Good tickets are rare things. This is a postulate of life. I learned it in the fifth grade when I went with 30 other Peoria traffic safety patrol boys to a Chicago Cubs game at Wrigley Field. Though there were fewer than 2,000 people in the stands, we young Samaritans sat about 50 rows from the field, surrounded by empty seats. The ushers wouldn't let us move. We didn't have good tickets.
This is an article from the Sept. 20, 1982 issue
You live with this. Good tickets belong to other people for the same reasons other people have straighter drives and whiter teeth: luck, money, inheritance.
And then, the other day, I got good tickets. Or rather, my father did. But I got them for him.
In the middle of a conversation my father mentioned that he'd like to get season tickets to Chicago Blitz games. The Blitz is Chicago's entry in the United States Football League. I asked him why, and he said because he'd tried for years to get good tickets to Chicago Bears games but couldn't.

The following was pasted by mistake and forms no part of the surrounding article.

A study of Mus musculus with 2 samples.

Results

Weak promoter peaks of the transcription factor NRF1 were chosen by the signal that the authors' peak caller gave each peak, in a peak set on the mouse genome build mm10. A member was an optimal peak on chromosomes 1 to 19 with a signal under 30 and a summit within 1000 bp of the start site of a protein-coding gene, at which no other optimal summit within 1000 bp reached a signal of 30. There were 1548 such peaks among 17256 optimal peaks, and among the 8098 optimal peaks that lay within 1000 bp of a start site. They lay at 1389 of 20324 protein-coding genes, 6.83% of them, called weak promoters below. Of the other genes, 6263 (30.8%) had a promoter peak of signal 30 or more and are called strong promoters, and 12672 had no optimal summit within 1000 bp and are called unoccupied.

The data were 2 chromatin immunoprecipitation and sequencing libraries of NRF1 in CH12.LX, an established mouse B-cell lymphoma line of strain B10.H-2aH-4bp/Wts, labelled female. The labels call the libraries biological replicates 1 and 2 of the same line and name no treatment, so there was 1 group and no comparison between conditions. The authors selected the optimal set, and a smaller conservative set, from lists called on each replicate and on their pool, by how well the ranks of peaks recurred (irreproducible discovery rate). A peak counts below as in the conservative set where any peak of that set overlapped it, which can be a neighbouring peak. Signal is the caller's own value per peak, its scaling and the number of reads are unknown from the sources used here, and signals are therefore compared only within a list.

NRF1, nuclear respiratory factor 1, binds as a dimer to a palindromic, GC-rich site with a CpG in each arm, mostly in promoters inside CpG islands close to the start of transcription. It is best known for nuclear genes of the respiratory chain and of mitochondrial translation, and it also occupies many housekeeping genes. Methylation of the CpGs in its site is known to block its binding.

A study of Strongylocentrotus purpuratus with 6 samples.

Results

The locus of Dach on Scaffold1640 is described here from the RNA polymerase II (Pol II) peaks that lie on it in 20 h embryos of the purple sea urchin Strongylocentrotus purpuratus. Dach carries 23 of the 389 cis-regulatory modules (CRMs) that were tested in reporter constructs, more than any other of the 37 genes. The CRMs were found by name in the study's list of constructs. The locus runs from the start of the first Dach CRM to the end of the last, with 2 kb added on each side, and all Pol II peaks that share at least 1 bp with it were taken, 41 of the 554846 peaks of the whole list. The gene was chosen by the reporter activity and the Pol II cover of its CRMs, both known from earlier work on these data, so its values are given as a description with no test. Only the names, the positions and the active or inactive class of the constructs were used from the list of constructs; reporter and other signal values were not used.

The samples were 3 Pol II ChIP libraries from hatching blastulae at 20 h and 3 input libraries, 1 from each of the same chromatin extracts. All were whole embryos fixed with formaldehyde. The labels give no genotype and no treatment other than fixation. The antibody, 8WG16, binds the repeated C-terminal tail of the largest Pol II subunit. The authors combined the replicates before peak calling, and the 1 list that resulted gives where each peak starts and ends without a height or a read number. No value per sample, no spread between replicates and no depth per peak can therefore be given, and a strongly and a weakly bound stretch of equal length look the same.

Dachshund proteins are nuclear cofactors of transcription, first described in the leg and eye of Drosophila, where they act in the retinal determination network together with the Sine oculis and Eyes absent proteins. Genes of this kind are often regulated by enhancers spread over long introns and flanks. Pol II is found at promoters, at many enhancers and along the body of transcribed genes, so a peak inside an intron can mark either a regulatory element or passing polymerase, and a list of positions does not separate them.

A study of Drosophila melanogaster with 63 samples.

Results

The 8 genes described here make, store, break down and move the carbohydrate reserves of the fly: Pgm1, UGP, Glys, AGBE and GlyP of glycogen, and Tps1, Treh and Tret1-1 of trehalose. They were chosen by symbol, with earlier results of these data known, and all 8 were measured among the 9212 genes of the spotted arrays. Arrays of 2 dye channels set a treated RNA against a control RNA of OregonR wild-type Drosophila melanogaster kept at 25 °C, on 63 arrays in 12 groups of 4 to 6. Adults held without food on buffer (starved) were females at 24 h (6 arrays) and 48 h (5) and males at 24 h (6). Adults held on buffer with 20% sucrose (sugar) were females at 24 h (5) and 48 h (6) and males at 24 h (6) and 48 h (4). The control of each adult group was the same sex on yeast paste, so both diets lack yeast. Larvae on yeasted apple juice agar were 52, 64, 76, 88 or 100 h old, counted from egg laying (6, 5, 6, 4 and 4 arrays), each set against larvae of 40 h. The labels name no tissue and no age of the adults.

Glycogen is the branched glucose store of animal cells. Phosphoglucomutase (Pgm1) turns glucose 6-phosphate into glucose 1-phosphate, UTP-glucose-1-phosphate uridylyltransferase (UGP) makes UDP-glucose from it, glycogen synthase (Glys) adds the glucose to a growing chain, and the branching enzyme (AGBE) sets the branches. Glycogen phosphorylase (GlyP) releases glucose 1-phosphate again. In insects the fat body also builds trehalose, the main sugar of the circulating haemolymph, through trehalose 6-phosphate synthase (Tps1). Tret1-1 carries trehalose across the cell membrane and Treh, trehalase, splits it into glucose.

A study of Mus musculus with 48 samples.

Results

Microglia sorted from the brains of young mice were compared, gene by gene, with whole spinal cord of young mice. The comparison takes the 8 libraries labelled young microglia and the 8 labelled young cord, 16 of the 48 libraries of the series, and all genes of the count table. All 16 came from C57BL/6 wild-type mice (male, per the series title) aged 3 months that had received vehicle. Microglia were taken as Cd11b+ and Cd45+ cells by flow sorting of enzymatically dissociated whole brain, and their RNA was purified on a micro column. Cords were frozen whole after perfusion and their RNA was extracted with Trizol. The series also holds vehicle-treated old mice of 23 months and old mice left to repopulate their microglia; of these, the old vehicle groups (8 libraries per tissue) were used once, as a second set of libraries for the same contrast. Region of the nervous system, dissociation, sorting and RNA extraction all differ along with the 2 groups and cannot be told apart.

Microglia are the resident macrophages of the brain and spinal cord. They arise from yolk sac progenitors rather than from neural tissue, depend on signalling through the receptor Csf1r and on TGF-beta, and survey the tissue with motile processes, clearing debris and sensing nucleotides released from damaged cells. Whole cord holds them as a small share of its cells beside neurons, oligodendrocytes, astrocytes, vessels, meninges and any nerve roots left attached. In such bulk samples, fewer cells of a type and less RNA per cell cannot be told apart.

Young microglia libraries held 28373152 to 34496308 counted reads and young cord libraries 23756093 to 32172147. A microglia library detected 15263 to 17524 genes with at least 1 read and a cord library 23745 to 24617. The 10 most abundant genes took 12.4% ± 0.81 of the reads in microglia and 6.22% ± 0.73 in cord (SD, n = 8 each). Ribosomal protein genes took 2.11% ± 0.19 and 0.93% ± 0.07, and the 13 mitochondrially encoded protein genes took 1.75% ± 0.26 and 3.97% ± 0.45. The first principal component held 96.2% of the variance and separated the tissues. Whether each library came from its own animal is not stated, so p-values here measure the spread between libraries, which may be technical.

This was in late July and the Blitz was so new in town that directory assistance had no number for the team. I called the sports desk at the Chicago Tribune and somebody gave me the number the public could use to call the Blitz. I dialed the number and a woman answered.
I told her I wanted two season tickets to Blitz games. She asked me where I wanted to sit.
I asked my dad.
"Fifty-yard line," I told the lady.
"All right," she said. "What row?"
My father and I talked it over. The fifth row was too close. So was the 15th. The 40th row was too far back. The 30th just didn't feel right. How about the 21st?
"Fine," said the lady. "Two season tickets on the 50-yard line, 21st row."
She took my dad's VISA card number, and that was it.
As if to prove it was no fluke, my mother called up the Blitz two days later and added two tickets on the 50-yard line, 20th row. This arrangement would make it easy for my parents' guests to turn and shoot the breeze whenever something exciting happened. There would always be friends who would want to join her and my dad, she explained, because the tickets were so good.
O.K. It's the Blitz. It's the USFL. The whole league could go belly-up before the first game is played next spring. Or the Blitz might end up playing in a high school stadium in Gary instead of at Soldier Field.
But the 50-yard line is the 50-yard line. Life is odd. What can you say. We've got good tickets.